This touching three-minute film sparks discussion on the realities of caregiving

Caring for two other generations is no easy feat.

Fasiha Nazren | Sponsored | July 02, 2019, 06:58 PM

If you’re a mother, mother-to-be, caregiver or simply looking for a tearjerker video, this one might be right up your alley.

On May 27, insurance company Great Eastern Singapore uploaded a touching three minute-long video on their Facebook page.

In case you can’t see the video, the video follows the life of a newly expectant mother.

Trying pregnancy

Pregnant women are typically portrayed as blissful and full of glow.

However, this expectant mother didn’t even break out in a smile while doing her ultrasound scan because pregnancy seems to be especially trying for her.

And according to this mother-to-be, it is because of a certain someone.

Stressful child-like situations

As if being pregnant wasn’t enough, she has to go through several stressful situations that seem to have been started by a child.

For example, coming home from a long day of work only to find a huge mess in the kitchen.

Or having food thrown in her face due to someone’s tantrums.

And even getting splashed by soapy water splashed during bath times.


Child from hell?

These events have put so much pressure on her, that it made her feel as if the joy of pregnancy was taken away from her.

But of course, she didn’t mean what she said.

Because while this might sound like the doing of a toddler from hell, here’s the plot twist:

(If you have not watched the video, this is a quick spoiler warning.)

The heavily pregnant lady is actually the main caregiver of her mother.

Now, having the responsibility of being the main caregiver and also having a child on the way is already difficult enough.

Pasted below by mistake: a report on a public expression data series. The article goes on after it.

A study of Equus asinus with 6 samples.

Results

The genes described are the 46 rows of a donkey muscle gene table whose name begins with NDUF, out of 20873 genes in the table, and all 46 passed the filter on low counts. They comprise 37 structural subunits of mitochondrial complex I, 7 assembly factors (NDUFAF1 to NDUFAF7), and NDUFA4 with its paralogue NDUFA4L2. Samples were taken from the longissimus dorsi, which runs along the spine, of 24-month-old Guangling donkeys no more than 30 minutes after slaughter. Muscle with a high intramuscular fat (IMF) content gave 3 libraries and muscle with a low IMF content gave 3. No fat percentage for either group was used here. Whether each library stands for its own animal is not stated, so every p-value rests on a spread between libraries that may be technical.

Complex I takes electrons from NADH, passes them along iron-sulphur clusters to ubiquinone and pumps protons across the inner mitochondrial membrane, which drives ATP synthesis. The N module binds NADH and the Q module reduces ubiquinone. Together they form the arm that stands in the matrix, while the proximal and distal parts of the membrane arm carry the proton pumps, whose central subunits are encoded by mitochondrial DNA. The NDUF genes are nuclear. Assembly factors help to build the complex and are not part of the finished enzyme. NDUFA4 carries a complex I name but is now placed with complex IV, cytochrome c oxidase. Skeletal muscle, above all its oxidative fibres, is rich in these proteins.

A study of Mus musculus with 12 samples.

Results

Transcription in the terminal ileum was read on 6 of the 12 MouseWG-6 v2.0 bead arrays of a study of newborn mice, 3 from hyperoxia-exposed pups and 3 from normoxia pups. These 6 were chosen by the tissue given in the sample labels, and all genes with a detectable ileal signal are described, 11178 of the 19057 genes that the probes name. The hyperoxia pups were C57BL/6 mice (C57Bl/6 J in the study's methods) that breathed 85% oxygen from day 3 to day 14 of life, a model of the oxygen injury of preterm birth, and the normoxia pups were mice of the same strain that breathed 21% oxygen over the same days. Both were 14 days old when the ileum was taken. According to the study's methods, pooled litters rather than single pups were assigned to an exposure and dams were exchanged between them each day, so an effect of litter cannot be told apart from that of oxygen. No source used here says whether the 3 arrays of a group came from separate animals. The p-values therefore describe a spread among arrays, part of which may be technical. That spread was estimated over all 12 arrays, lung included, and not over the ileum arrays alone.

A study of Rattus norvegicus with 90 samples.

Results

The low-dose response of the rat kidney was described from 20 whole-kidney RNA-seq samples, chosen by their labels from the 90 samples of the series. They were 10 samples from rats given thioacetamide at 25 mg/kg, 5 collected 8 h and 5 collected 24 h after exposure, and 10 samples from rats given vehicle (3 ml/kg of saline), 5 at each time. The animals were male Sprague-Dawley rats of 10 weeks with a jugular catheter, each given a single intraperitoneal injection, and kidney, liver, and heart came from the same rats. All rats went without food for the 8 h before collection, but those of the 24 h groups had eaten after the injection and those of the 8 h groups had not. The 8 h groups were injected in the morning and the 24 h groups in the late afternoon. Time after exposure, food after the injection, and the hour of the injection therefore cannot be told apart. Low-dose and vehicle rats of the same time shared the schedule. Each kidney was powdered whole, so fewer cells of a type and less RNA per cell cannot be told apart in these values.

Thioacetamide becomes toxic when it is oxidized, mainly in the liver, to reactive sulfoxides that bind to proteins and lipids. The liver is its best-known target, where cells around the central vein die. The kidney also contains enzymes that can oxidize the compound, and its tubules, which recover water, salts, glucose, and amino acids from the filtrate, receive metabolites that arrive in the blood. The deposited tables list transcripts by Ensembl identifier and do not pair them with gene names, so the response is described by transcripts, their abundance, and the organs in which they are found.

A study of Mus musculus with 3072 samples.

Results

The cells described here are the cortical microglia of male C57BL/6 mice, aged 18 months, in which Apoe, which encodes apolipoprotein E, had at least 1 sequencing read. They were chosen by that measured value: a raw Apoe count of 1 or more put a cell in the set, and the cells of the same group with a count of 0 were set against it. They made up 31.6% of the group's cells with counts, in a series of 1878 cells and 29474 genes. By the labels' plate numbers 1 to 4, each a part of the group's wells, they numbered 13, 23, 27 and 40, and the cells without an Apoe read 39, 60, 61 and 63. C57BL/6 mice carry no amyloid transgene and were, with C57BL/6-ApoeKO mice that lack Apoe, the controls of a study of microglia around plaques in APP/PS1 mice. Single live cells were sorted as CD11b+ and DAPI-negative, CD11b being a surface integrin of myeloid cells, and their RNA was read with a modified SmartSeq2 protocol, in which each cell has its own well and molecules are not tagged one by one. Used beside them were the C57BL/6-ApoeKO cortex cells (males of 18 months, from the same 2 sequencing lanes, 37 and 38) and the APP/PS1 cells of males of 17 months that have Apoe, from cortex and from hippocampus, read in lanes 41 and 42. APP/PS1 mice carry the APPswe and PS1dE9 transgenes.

What makes it tougher is that her mother seems to be suffering from dementia too.

But no matter how difficult it is to take care of her ageing mother, she is, after all, her mother’s daughter.

And by carrying out her responsibility as a caregiver for her mother, she ended the video with the following takeaway:

“I guess this is what you meant when you said I wouldn’t understand until I became a mother myself.”

Now you’re wondering who’s chopping onions in here.

S’poreans resonate with video

And it seems like we were not the only ones fighting back the tears.

The video, which has since clocked 430,000 views and gained more than 3,700 reactions, seems to have resonated well with Singaporeans online.

Some said that it truly reflected the challenges a caregiver face daily:

While others thought it served as a reminder to never take your loved ones for granted.

First of its kind multi-generational critical illness term insurance policy

The touching video is actually a promotional video for Great Eastern’s newest insurance policy.

This insurance policy is specially targeted to help ease the financial burdens of the growing sandwich generation in Singapore, which is the generation of people who are responsible for caring for both their children as well as their ageing parents.

Said to be the first of its kind, the GREAT Family Care multi-generational critical illness term insurance plan provides coverage for three generations:

  • Life Assured until age 85*
  • Life Assured’s current and future children until the age of 18*
  • Life Assured’s parents until age 100*

Under this policy, each child is covered up to S$50,000 against critical illnesses and juvenile conditions like severe asthma and severe epilepsy.

The ‘Parent Protect’ rider meant for the life assured’s parents, on the other hand, provides up to S$50,000 coverage against major cancers, Alzheimer’s disease/severe dementia and Parkinson’s disease.

The plan also does not require medical assessment for both children and parents.

For more information on this policy, you can find out here.

This sponsored post by Great Eastern made the writer appreciate all the caregivers in her life a little bit more.

* All ages specified refer to age next birthday. Terms and conditions apply. This advertisement has not been reviewed by the Monetary Authority of Singapore. Protected up to specified limits by SDIC.